Spotify announced its first quarterly results as a public company on Tuesday, and the market was not impressed. Shares of the music streaming service fell over 7%, even though the company met its goals for customer and revenue growth.
Unfortunately for Spotify, Wall Street was hoping it would beat expectations à la Facebook or Google (which regularly surpass stated targets) and when it didn’t, investors sulked.
Those investors better get used to disappointment. That’s because unlike other tech companies, music streaming services face a fundamental business problem they can’t overcome.
That problem is the price of music or, in this context, what accountants call “cost of goods sold.” The term refers to materials a company must acquire to sell its product—for instance, the flour and sugar a baker must buy to sell donuts.
In the case of streaming services like Spotify, they are uniquely dependent on a single supplier—the music industry—to provide them the goods for their product. And that supplier has both a monopoly and deep political influence to protect it.
Over the last ten years, the music industry has waged a relentless war in Congress and the courts to force streaming companies to pay more for the music they play. The justifications for the payments are often shaky—for instance, record labels and 1960s musicians sued Pandora over and over to pay an unprecedented royalty on pre-1972 recordings (essentially new money for old rope) until the company capitulated.
But regardless of whether such payments are justified, what matters is the music industry has the clout to demand them. The industry has a phalanx of lawyers to push their case in court, and is effective at charming Congress with lobbyists and celebrity star power. The likes of Spotify and Pandora are badly outgunned.
The upshot is, no matter how many subscribers they add, the companies will never enjoy the fat profits of other tech firms. Right now, the streaming services have yet to make any money and, if they ever do, it’s a safe bet the music industry will find a way to claw it back in the form of higher royalties. It’s much like the baker being totally beholden to a flour supplier that raises its prices every time donuts are on the verge of being profitable.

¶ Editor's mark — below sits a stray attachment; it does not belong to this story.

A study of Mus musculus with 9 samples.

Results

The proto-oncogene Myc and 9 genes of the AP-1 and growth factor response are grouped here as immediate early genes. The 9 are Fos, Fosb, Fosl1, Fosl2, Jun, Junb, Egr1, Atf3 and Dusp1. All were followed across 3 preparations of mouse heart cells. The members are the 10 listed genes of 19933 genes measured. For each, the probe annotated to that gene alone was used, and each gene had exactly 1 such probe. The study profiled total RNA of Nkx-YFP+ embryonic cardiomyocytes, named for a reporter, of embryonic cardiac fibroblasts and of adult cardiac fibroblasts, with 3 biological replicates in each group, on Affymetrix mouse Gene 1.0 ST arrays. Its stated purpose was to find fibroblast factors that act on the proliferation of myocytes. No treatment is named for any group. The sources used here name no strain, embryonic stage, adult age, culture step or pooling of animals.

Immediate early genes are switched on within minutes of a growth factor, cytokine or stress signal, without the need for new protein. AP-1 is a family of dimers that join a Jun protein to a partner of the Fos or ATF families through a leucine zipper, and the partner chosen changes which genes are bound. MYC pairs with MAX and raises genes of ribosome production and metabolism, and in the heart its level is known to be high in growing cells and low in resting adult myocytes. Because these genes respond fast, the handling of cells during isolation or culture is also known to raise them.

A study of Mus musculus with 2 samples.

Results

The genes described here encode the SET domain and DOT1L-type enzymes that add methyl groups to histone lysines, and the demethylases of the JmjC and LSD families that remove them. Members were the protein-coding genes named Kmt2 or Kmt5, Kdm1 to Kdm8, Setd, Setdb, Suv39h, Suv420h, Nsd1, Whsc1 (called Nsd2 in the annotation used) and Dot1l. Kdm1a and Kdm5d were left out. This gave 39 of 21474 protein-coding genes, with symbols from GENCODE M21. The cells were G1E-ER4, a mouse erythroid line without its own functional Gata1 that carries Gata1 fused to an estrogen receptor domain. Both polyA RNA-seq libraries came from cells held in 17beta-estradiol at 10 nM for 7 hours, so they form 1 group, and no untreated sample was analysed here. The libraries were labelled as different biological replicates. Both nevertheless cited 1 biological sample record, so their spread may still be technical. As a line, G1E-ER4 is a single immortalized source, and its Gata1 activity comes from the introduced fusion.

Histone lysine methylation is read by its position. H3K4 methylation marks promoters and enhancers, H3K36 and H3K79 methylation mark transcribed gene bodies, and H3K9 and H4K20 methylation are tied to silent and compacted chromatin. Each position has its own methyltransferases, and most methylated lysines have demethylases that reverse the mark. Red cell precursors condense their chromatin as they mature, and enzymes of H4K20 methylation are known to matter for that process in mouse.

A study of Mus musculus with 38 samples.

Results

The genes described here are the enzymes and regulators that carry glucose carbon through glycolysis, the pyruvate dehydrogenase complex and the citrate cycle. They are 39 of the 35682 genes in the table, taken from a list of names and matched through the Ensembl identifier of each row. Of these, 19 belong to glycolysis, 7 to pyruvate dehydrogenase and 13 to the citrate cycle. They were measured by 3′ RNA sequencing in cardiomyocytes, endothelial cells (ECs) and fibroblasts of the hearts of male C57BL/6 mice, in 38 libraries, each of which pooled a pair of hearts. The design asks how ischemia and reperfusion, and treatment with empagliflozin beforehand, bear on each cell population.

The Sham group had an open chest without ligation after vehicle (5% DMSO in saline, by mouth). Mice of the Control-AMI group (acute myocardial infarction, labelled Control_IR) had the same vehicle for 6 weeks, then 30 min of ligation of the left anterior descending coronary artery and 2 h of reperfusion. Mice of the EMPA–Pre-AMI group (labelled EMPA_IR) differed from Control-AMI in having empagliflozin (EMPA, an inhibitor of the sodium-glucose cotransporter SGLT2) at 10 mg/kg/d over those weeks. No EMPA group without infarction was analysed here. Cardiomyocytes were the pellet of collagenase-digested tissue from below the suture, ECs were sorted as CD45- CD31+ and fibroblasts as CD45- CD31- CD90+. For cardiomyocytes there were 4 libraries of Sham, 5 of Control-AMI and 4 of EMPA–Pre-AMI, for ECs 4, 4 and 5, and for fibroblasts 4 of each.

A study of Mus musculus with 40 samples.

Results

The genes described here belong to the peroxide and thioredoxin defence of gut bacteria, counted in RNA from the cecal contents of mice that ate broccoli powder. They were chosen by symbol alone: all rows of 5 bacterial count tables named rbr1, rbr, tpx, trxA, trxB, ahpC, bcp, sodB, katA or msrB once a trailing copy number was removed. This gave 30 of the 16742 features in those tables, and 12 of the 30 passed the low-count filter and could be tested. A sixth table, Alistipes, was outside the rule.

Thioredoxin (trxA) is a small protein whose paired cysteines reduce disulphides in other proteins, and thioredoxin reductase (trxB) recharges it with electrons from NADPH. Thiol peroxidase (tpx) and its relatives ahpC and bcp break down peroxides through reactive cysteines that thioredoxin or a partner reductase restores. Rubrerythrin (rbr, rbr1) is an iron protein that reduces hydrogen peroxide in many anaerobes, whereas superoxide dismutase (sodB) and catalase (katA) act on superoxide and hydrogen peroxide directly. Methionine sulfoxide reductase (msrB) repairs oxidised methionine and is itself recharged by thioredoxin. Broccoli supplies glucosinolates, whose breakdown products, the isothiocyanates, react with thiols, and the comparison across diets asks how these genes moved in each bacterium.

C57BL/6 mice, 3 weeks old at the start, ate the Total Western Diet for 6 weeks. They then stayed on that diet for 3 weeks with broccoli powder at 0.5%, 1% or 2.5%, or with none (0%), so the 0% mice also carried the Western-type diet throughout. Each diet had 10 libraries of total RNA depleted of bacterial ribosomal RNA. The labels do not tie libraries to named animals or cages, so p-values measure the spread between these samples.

To see how this plays out from an investor’s perspective, take a look at the share price of Pandora, Spotify’s older cousin, over the past five years:
And lest anyone think the music industry is going to let up, a new piece of legislation known as the Music Modernization Act just passed the House of Representatives. While the bill would do much to clean up a messy royalty collection system, it also contains some blatant giveaways for the industry, including new types of copyright that would last 144 years. It will be Spotify (and consumers) that will have to pay for those goodies.
Meanwhile, Spotify’s long-term prospects are bleaker still, given the company is also competing with the likes of Apple and Amazon, which can afford to lose money on their music offerings as part of a larger customer retention strategy.
None of this is to say Spotify is a bad company. Its CEO Daniel Ek has created a transformative new entertainment experience enjoyed by 170 million active users. But until streaming companies are able to gain the influence of the music industry, they will never make any money.
On Thursday morning, Spotify shares (SPOT) were trading around $153, well off their recent high of $170.